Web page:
Two minutes with: Diana Crossan

by The Listener / 24 January, 2013
After a decade as Retirement Commissioner, Diana Crossan is moving on. But she’s definitely not retiring – just yet.
Diana Crossan
Diana Crossan, photo Mark Mitchell/NZH


What did you learn from your time at the Probation Service?
A mountain of stuff. It was an amazing wake-up call for a 22-year-old middle-class teacher’s daughter from South Canterbury. I also did a lot of social work and counselling training, including group work, community work, development work – lots and lots of stuff. I also learnt about the glass ceiling – I hit it with a loud thud. I got out because of it.

What do you regard as one of your greatest achievements?
Embedding a financial strategy for financial literacy in New Zealand.

And your biggest regret?
It’s probably that I didn’t pursue an operational manager’s role at a time when I was leaving the State Services Commission. As things have happened, it didn’t matter, but I didn’t know that it didn’t matter then.

What are you doing next?
I have no idea. I’ve been approached about going on several boards and I’ll probably pursue one of those. My biggest dilemma is whether to take a job, or take pieces of work. I do like to belong – I’m not very good at being a consultant. In the meantime, my sister and brother-in-law are coming from France, then I’ll go up to our beach house at Waihi Beach and do a bit of boogie-boarding on the boogie board I was given for my farewell present.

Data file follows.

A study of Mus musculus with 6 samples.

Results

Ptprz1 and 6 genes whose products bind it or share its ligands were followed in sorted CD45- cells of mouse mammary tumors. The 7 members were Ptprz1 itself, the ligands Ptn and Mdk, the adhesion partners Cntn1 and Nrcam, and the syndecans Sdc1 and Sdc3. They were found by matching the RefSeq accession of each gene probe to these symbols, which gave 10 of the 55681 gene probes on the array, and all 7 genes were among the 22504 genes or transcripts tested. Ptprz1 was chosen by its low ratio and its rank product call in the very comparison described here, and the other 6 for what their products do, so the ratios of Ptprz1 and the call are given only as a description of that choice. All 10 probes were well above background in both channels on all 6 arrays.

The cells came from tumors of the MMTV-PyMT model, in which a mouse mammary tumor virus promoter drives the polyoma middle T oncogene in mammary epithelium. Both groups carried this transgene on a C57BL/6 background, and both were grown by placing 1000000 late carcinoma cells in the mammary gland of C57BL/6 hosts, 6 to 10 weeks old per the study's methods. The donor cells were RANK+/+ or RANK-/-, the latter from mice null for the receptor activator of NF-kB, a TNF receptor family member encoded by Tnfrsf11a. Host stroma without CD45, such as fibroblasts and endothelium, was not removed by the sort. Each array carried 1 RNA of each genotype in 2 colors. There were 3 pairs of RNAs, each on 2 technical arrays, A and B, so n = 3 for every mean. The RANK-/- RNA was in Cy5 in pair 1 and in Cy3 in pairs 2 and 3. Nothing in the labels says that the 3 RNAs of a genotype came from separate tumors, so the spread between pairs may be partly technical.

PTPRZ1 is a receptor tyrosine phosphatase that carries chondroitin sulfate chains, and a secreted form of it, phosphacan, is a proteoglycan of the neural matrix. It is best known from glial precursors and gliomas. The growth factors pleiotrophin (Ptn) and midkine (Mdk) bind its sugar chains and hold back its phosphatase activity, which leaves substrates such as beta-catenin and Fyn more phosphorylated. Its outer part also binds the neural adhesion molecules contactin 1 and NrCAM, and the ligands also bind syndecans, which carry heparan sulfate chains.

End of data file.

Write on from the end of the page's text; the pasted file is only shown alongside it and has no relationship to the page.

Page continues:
Are you a feminist?
Yes, absolutely. Why do people fear the word? There is still much to fight for. I spoke at a Victoria University/Treasury seminar on the long-term fiscal forecasting and there were 17 speakers and there were just two women.

What’s the best advice you’ve ever received?
My father told me when I was 17 when I went on an AFS [American Field Service] scholarship to North Carolina to count to 10, which meant don’t open your mouth before you’ve thought about it. It was a good bit of advice. He wasn’t into giving advice much, but that was his parting shot as I got on the plane. I came from a small country town, where there were six in my class, so it was an amazing trip. It was the year Martin Luther King and Bobby Kennedy were killed, so it was an amazing year in America.

What’s one of the hardest decisions you’ve ever had to make?
The hardest decision for me has been, do I take the next job I’m offered? I’ve had some weird jobs. Should I go to Contact Energy, should I go to AMP, should I become the Retirement Commissioner? They were quite hard decisions.

Apart from your husband, who would you like to be marooned on a desert island with?
Somebody very practical. I wouldn’t want to be marooned for long.

Favourite stretch of road?
I have in New Zealand spots of the road that remind me of parts of the world I’ve been to. So I’m driving out of Christchurch and there is a piece of road where there is forest as far as the eye can see – there is another spot like that near Tokoroa, just out of Mangakino – and I feel like I’m in Canada. And then I’m on the motorway in Wellington and for literally one second I can’t see anything other than high-rise buildings and I feel like I’m in LA.